Residents of the U.S. Pacific Northwest this week are breathing heavily polluted air, as wildfires blankets the region.
Both Seattle and Portland were among the U.S. cities with the worst air quality this week, Reuters reported. The sky across Seattle was especially brown and murky, and the sun barely peaked through the smog. A tweet from Seattle’s National Weather Service showed a skyline draped in an ominous gray veil.
Residents were urged to wear their masks outdoors and to avoid spending too much time outside to protect themselves from the worst of the smoke, Axios reported. A spokesperson for the Oregon Department of Environmental Quality told Reuters that people were using N95 respirators for protection. Air quality advisories were in effect for Seattle until Friday morning, per the National Weather Service.
This isn’t the first time fires have caused abysmal air quality in cities out West. This past September, Seattle had the worst air quality out of any city in the world, and Portland wasn’t far behind, ranking third globally after Lahore, Pakistan at the time. And just like this week, the smog in the Pacific Northwest last month came from the wildfires burning across the region.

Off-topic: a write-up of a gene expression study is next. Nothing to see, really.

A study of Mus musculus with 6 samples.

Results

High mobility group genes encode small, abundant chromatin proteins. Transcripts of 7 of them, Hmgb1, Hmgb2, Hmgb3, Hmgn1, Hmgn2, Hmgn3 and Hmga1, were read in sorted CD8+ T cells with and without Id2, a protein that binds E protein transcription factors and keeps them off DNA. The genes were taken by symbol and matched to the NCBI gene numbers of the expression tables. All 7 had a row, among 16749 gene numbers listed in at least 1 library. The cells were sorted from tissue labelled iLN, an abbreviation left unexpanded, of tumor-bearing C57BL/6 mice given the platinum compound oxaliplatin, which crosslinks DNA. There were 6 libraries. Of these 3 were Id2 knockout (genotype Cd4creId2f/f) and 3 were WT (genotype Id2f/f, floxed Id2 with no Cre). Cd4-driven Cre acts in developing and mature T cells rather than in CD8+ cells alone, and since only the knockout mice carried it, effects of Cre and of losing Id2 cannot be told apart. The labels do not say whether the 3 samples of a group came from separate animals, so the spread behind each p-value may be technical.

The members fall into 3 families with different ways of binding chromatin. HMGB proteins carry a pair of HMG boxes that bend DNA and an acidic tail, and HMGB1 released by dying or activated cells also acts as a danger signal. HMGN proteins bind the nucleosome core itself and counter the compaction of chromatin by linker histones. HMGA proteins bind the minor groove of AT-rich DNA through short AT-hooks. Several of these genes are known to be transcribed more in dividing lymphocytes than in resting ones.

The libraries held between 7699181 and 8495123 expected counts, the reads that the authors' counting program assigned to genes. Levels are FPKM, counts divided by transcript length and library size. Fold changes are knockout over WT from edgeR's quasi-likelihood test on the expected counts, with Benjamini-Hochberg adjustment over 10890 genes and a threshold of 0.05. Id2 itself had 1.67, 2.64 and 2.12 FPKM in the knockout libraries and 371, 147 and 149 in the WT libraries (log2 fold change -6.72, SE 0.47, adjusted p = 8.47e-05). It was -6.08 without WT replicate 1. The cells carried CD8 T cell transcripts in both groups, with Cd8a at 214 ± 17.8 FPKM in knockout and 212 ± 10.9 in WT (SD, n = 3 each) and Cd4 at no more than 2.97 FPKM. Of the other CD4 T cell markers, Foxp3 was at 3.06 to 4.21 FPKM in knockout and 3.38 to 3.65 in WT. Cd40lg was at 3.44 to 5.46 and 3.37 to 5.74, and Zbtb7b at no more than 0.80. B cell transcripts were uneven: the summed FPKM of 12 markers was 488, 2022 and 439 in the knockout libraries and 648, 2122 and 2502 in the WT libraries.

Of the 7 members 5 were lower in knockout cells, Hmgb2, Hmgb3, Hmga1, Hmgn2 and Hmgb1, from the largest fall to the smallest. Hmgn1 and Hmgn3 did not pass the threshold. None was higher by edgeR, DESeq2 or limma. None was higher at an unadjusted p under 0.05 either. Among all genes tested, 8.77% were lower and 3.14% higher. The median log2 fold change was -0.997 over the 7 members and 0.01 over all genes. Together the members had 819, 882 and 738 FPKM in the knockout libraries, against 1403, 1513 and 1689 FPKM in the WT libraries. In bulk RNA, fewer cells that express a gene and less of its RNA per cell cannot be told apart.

Climate change has been fueling especially dry and hot conditions, which in turn lead to more wildfires. The smoke doesn’t just stay in one area. Excessive wildfire smoke for one coast this week could lead to bad air quality for the opposite coast in a matter of days. For example, New York City’s air quality was among the worst in the world last July after wildfire smoke from the West Coast traveled thousands of miles. Some of the smoke traveled as far as Greenland.
Rain is expected across some of the Pacific Northwest today and into the weekend, which could alleviate the smoky and dry conditions.